Coating thickness gauges can be based on different measuring principles. The category of coating thickness gauges can be divided into three operation modes:
Coating thickness gauges for measuring non-magnetic and insulating coatings on magnetic substrates, for example plastic, lacquer or a zinc coating on iron. Often, these gauges are also referred to as a paint thickness gauges, as they are often used in the automotive industry to locate repainting works and repairs on car paint.
Measuring devices for determining the coating thickness of insulating coatings on non-magnetic metallic substrates.
Ultrasonic coating thickness gauges for measuring the coating thickness on non-metallic substrates such as paint on wood or concrete.
The most common application is the measurement of non-magnetic coatings on magnetic substrates. As already mentioned, these coating thickness gauges are frequently used in the automotive industry but also in surface finishing works and last but not least in industrial production. This method can again be divided into the analogue and digital coating thickness measurement: Analog gauges use a magnet for the measurement and measure how much force is necessary to release the magnet from the material. The thicker the coating, the easier it becomes to release the magnet. The result of the output is then indicated on the analogue scale.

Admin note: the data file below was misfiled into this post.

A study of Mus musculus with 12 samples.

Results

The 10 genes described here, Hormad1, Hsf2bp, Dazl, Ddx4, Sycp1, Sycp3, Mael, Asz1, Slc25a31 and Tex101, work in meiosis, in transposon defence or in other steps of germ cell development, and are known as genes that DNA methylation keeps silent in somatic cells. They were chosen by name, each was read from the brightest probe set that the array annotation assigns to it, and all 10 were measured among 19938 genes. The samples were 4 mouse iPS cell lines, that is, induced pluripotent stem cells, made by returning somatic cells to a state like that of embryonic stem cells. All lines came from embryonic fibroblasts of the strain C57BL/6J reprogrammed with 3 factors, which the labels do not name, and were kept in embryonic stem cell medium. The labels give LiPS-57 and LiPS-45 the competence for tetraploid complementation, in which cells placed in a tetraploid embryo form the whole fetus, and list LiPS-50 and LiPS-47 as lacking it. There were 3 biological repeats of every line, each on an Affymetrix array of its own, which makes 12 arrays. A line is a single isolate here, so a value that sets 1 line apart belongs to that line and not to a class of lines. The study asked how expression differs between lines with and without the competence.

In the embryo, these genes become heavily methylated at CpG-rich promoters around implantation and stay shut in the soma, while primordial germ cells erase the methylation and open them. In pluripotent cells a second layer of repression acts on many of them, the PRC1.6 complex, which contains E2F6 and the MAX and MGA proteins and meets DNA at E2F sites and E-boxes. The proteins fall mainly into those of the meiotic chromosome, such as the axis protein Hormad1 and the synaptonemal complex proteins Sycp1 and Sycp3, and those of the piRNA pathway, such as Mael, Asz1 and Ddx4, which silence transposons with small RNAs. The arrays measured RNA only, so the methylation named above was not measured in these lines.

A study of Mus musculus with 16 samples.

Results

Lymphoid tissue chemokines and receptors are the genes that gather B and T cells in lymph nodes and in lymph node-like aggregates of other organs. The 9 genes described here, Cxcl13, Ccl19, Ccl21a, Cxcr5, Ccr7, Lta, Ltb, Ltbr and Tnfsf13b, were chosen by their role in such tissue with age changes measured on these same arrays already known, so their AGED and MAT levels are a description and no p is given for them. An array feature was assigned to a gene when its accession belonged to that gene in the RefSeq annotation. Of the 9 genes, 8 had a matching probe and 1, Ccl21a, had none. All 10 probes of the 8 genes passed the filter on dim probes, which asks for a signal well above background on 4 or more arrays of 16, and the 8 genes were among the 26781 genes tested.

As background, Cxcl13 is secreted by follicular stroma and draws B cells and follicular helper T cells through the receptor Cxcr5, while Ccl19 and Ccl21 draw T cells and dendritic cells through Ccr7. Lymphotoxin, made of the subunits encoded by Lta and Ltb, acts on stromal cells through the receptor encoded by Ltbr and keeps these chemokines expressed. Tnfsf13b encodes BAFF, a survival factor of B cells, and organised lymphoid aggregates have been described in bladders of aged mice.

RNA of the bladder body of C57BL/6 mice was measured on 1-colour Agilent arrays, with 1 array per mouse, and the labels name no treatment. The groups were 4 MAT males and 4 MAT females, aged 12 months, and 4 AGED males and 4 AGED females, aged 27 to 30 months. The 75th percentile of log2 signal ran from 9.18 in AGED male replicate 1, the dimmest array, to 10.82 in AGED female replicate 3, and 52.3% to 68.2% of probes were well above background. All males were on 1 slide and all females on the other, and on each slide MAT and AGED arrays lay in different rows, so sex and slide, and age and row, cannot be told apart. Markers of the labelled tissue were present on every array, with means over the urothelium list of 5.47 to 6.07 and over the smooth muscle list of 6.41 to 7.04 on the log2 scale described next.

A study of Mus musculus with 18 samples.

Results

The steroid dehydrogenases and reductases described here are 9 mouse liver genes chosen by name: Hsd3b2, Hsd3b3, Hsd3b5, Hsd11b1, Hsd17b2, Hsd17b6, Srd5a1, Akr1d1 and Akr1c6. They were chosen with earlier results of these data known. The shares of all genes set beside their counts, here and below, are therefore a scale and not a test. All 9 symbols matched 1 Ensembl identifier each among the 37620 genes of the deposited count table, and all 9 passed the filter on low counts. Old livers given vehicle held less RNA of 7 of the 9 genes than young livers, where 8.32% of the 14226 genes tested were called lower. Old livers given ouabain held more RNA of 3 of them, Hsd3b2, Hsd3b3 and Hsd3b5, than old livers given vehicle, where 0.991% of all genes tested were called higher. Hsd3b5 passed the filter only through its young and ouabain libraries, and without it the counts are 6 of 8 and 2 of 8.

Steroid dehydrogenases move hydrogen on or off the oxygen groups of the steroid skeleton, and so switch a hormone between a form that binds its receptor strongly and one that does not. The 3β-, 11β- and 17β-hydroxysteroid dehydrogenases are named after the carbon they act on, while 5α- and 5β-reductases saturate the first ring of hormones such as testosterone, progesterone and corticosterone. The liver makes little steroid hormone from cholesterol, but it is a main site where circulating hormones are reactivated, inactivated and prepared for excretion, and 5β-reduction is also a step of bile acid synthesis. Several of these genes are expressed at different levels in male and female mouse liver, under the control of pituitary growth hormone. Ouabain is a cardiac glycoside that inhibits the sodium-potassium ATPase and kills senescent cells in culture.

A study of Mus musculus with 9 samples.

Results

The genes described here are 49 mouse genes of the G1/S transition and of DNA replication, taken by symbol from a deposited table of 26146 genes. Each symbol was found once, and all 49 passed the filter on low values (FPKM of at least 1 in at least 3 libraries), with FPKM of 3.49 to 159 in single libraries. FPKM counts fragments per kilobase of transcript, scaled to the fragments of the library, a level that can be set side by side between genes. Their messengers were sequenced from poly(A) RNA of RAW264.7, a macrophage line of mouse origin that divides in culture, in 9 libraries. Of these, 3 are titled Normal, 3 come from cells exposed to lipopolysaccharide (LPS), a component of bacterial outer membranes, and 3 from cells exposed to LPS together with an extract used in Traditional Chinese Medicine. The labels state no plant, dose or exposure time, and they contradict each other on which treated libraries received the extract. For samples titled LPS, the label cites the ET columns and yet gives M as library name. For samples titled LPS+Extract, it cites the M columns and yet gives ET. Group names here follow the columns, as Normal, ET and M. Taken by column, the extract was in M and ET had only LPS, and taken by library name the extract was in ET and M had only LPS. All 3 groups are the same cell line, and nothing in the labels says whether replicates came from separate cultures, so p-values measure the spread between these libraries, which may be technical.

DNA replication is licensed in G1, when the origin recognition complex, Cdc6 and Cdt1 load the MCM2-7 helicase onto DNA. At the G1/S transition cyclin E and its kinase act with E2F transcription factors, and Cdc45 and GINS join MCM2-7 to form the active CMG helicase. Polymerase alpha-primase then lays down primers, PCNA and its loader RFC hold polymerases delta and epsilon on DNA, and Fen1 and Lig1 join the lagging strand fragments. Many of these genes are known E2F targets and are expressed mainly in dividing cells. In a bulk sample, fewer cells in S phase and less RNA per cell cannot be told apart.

Devices that use the digital method are based on the magnetic induction principle. These methods are characterized by their high accuracy, especially on flat surfaces.
For the measurement of insulating coatings on non-magnetic, metallic substrates, the distance between the coating thickness gauge and the metal substrate is measured by means of the eddy current principle. Among other things, the eddy current principle is used to measure the coating thickness of paint on aluminium. The digital measuring devices allow a very accurate determination of the coating thickness.
Combination devices that combine both measuring principles in a digital device are particularly convenient. A combination probe can use both measuring principles and automatically detects which material the substrate has and selects the appropriate measuring mode.
Finally, there are coatings such as plastic, paint and paint on non-metallic substrates such as wood or concrete. Here, none of the methods mentioned above are possible to used. Nevertheless, a coating thickness measuring device by means of ultrasound can be used. The measurement of the coating thickness via ultrasound works with the same principle as our wall thickness gauges: an ultrasonic wave is directed into the material and blasted straight back. The probe measures the reflection time of the ultrasonic wave from where the coating ends until it returns into the probe. Particularly noteworthy is here that we even have special solutions for the thickness measurement of several superimposed coatings. For example, if a workpiece has been painted three times, the coating thickness of each individual coating can be displayed.